August 20, 2021

NASA and Virginia-based Psionic, LLC, signed a licensing agreement for the use of a NASA 3D light detection and ranging (lidar) technology called Kodiak, originally developed for a cutting-edge mission to robotically refuel a satellite in orbit. The commercial license will allow Psionic to combine the technology’s capabilities with existing lidar developments to enhance the overall design and incorporate it into future missions.

Article excerpts:

Psionic previously licensed a Navigation Doppler Lidar (NDL) from NASA’s Langley Research Center in Hampton, Virginia.

Lidar is a critical component of a sophisticated relative navigation system for rendezvous and proximity operations, which are required for docking a spacecraft to a satellite for servicing or assembly purposes. A relative navigation system also has applications for landing on planetary bodies such as the Moon, or providing the situational awareness needed to capture pieces of orbital debris without affecting nearby satellites.

NASA’s Goddard Space Flight Center in Greenbelt, Maryland, developed Kodiak to be used for space detection and ranging, proximity laser ranging, and autonomous vehicles. The Kodiak 3D lidar will be used by the On-orbit Servicing Assembly, and Manufacturing 1 (OSAM-1) mission which will robotically refuel Landsat 7, a government-owned satellite.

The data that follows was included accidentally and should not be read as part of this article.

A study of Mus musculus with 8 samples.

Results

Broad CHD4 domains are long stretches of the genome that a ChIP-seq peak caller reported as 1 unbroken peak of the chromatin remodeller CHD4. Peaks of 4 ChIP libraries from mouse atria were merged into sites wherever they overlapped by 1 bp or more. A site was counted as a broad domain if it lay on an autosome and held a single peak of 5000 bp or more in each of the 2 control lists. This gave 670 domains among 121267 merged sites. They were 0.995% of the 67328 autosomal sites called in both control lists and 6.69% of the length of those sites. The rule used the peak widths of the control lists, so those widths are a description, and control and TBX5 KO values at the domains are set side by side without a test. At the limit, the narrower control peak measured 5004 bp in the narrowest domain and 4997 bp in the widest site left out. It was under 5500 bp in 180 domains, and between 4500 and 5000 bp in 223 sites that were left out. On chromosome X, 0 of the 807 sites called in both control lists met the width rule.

The lidar provides low cost and highly reliable 3D lidar images in nearly any lighting condition, which increases the flexibility in timing servicing activities in different orbits. Lidar counts the amount of time that elapses between sending a laser pulse and receiving it back. Because the speed of light is known, this technique lets scientists and engineers approximate the distance to any given object. Kodiak is unique in that it employs high-speed scanning and takes very accurate measurements. The lidar creates a realistic 3D reproduction of the object, which allows data collectors to produce precise measurements of the target’s relative attitude and position.

“Anything that flies up to something else can use this system,” said Nathaniel Gill, principal investigator for the Kodiak lidar on OSAM-1. “It’s flexible to be tuned to different missions, and every mission is different.”